Here’s a List: 10 Spots with Rent Growth Premiums for Class B Apartments

Today’s strongest apartment rent growth is occurring in Class B communities – the bread-and-butter, middle-market properties that are the heart of the rental housing industry. Annual price increases for new-resident leases in this Class B product segment across the nation’s 100 largest markets average 5.0% in 2nd quarter 2016, mildly ahead of the year-over-year rent growth of 4.5% in the Class A, top-quality stock.

Influencing the magnitude of the rent jumps at Class B communities, the properties are jam-packed full. Class B apartment occupancy is running at 96.2%, a meaningful premium over the 94.9% occupancy rate in Class A developments. That occupancy rate for Class A product is cooling a bit because of the large volume of new completions moving through initial lease-up.

New construction isn’t having much impact on Class B product occupancy or rent growth simply because middle-market communities aren’t going to lose many residents to very expensive new properties. Current typical monthly rent for a Class A project reaches $1,632, a 47% premium over average rent in the Class B stock.

As with every national trend, results vary quite a bit from one individual market to another. Among the country’s biggest metro areas, here’s where the rent growth premium for Class B projects over their Class A counterparts is most pronounced.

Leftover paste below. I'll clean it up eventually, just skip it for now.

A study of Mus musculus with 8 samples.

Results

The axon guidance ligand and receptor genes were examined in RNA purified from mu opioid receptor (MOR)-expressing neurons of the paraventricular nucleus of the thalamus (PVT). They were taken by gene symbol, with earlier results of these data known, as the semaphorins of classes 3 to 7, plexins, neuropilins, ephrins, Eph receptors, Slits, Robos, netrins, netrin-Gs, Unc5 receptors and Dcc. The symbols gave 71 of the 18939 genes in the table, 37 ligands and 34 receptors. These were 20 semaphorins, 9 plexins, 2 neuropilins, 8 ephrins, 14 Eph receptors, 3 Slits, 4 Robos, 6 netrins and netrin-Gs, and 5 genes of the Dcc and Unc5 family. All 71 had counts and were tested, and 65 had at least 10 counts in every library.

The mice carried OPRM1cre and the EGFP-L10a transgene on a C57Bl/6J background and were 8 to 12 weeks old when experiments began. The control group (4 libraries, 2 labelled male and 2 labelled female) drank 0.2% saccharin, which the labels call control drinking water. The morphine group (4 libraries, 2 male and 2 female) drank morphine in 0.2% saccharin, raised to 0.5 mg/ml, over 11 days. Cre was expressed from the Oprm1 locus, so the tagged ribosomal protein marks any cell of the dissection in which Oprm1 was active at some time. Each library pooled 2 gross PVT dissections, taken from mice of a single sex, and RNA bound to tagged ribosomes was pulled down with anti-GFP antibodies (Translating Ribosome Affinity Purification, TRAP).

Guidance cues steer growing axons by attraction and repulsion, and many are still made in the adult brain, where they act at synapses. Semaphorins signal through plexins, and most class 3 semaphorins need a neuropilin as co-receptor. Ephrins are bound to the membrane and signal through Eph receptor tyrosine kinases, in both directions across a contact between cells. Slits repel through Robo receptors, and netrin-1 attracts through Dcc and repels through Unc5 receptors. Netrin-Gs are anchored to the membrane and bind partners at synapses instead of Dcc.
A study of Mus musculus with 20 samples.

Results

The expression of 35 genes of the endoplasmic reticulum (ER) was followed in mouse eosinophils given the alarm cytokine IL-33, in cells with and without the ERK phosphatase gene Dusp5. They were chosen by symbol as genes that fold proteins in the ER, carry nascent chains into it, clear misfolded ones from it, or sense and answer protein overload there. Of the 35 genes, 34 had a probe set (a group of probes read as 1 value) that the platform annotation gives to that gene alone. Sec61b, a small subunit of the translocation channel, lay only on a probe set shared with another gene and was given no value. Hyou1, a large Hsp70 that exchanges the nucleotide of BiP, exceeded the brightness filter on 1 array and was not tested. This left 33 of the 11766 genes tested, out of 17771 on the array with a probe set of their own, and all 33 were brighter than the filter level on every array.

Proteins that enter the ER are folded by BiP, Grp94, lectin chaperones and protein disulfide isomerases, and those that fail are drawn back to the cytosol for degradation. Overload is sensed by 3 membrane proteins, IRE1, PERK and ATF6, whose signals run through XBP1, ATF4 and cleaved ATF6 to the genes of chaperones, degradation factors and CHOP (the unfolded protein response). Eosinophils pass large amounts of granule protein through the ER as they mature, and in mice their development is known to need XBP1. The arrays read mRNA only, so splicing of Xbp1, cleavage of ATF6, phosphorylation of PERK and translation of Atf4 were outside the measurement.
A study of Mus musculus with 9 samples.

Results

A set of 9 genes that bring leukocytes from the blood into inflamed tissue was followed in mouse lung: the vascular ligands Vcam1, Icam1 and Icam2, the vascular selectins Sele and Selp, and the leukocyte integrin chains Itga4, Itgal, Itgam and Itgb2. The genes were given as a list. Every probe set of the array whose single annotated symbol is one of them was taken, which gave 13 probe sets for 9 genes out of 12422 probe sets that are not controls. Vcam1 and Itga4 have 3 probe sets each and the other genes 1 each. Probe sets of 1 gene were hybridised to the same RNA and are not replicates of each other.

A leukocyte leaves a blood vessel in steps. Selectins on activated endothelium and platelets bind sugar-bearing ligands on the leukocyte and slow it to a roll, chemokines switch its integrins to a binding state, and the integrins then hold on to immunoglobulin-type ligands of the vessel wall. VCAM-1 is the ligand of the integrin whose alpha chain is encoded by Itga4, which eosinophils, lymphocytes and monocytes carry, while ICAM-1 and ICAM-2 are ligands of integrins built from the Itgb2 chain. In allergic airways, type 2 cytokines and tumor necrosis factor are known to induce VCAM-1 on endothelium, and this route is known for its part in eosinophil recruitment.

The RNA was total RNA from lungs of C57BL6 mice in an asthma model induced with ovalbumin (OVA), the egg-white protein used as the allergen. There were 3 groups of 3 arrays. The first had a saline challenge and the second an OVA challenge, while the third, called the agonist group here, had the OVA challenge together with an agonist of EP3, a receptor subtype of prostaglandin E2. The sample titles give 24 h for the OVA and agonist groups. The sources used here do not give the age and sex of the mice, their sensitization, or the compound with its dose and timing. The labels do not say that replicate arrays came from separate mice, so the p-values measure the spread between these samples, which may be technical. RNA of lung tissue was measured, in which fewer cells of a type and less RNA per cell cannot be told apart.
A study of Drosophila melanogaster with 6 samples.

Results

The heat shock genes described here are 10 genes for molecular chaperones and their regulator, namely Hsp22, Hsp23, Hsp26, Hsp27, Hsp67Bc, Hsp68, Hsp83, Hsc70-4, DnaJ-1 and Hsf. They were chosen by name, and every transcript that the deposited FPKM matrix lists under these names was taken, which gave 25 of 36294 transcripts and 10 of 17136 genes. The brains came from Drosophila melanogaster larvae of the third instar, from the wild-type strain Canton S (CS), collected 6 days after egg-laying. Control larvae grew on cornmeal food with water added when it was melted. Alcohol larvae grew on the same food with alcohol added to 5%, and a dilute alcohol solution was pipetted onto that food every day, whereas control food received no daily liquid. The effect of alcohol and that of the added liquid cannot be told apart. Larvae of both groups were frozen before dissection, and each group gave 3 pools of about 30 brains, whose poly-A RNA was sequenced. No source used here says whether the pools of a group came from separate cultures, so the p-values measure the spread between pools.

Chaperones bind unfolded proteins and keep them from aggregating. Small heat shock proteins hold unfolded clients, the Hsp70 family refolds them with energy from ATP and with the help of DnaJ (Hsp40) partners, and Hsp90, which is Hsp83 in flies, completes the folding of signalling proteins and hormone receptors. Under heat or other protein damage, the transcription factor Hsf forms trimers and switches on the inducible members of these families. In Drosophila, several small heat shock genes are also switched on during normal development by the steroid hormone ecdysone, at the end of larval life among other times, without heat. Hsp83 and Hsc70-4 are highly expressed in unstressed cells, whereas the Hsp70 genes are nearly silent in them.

Class A and B Rent Growth Performance Chart

If there’s a surprise market on this list, it’s perhaps Indianapolis, right at the top. Total construction there and elsewhere across the Midwest isn’t especially aggressive relative to the volumes seen in most other locales. In turn, Indianapolis seems like an unlikely place for new supply to be coming on stream at levels that would slow top-tier rent growth.

The story in metro Indy is that virtually all of the building is occurring in just two submarkets – Downtown and Carmel/Hamilton County. In those two neighborhoods, then, deliveries have reached volumes big enough to slow Class A rent growth, and those are the two submarkets that contain nearly all of the metro’s premium product.